Sue Robb of 4Children talks to Julie Laughton and Alison Britton from the Department for Education about the role of childminders in delivering the 30 hours free entitlement.
One in ten council workers paid below living wage
New analysis has revealed that one in ten council workers in England, Wales and Northern Ireland are paid below the living wage.
UNISON is urging the government, ahead of the Living Wage Foundation’s living wage week, to fund councils so they can become living wage employers and help more than 60,000 cleaners, library assistants, residential and home care workers out of poverty.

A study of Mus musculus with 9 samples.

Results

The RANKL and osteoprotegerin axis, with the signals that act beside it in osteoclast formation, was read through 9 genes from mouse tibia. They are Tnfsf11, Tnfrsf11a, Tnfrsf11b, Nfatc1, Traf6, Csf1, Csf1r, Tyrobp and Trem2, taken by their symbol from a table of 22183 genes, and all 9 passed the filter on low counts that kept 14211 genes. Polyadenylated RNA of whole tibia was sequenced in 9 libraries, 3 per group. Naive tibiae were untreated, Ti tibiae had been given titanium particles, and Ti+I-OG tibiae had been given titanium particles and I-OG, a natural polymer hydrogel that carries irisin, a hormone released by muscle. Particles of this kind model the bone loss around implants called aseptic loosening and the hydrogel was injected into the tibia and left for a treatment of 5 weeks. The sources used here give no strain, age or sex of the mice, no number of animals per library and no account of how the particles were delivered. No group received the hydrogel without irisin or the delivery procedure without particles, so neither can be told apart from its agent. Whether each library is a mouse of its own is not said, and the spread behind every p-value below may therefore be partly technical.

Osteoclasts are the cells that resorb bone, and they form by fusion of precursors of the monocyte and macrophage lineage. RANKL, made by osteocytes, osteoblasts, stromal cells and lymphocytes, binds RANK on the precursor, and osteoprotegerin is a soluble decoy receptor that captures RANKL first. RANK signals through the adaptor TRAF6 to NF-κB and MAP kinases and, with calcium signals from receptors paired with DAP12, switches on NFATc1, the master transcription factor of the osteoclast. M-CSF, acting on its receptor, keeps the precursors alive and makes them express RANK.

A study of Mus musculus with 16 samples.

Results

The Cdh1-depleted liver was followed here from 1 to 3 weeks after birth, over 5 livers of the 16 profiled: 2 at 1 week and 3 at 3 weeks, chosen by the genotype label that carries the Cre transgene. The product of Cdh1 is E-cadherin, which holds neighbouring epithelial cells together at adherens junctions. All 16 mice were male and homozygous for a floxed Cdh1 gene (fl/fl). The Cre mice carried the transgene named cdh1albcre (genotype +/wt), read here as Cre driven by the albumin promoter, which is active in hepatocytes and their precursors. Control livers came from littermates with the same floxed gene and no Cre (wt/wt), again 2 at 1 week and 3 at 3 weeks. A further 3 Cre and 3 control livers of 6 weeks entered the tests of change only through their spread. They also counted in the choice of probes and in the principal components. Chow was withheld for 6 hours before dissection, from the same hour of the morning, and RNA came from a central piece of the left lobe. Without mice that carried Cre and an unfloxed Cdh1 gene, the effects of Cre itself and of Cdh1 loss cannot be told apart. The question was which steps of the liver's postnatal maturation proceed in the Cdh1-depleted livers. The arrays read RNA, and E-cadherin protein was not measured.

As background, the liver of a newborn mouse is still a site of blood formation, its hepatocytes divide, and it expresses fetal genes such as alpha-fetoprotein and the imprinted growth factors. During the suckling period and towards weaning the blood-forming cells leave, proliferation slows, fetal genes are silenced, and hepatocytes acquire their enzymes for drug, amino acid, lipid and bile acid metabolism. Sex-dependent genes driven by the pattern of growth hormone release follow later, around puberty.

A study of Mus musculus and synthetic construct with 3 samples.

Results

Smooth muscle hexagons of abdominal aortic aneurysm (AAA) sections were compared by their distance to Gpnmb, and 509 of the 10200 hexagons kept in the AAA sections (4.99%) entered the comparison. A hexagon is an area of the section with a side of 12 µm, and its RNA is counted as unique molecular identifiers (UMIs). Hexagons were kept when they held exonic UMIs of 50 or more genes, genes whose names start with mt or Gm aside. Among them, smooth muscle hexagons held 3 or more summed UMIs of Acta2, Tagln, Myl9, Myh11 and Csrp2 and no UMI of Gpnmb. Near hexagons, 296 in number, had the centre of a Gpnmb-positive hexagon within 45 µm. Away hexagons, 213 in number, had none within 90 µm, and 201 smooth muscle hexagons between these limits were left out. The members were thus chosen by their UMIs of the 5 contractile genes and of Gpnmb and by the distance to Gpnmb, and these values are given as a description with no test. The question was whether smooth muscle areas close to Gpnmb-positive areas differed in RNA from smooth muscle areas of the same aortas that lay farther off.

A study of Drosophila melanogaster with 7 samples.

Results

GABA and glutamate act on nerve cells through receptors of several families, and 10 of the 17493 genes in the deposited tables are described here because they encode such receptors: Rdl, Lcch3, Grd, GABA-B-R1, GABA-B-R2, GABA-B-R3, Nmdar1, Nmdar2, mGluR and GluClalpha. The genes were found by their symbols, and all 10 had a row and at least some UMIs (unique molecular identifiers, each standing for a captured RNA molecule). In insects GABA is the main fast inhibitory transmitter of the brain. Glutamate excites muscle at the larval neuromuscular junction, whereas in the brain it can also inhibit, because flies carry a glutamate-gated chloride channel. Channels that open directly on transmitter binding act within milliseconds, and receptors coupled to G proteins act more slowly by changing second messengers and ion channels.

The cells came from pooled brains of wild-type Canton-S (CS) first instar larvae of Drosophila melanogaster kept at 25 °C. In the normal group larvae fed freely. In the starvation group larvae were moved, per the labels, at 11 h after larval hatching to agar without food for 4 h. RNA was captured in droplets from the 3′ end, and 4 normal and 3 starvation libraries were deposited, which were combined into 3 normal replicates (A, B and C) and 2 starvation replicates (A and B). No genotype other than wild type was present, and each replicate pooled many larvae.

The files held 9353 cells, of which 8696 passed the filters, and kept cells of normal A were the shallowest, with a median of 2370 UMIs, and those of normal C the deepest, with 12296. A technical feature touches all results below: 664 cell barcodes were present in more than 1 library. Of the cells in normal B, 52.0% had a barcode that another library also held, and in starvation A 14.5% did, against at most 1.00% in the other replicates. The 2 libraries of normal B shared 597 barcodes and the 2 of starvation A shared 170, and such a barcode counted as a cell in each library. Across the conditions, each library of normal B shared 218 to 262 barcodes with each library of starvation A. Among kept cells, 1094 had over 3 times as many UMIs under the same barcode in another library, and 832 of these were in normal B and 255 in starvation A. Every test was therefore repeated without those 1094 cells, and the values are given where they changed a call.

The living wage rates are currently £9.75 an hour in London and £8.45 in the rest of the UK, with the bottom hourly rate in local government sitting at £7.78. The new living wage rates are due to be announced next week.
Heather Wakefield, head of local government at UNISON, said: “Poverty pay should have no place in local government. It is shocking that so many public service workers, who are providing valuable services to communities up and down the country, are paid so little.
“Their work and dedication needs to be recognised. Living wage week is the perfect opportunity for the government to lift staff out of poverty and ensure that work pays fairly. Over three-quarters of local government workers are women. Low pay is contributing to the growing gender pay gap. The Chancellor must come up with the cash in the Budget to fund a decent, above inflation, pay rise for all public service workers.”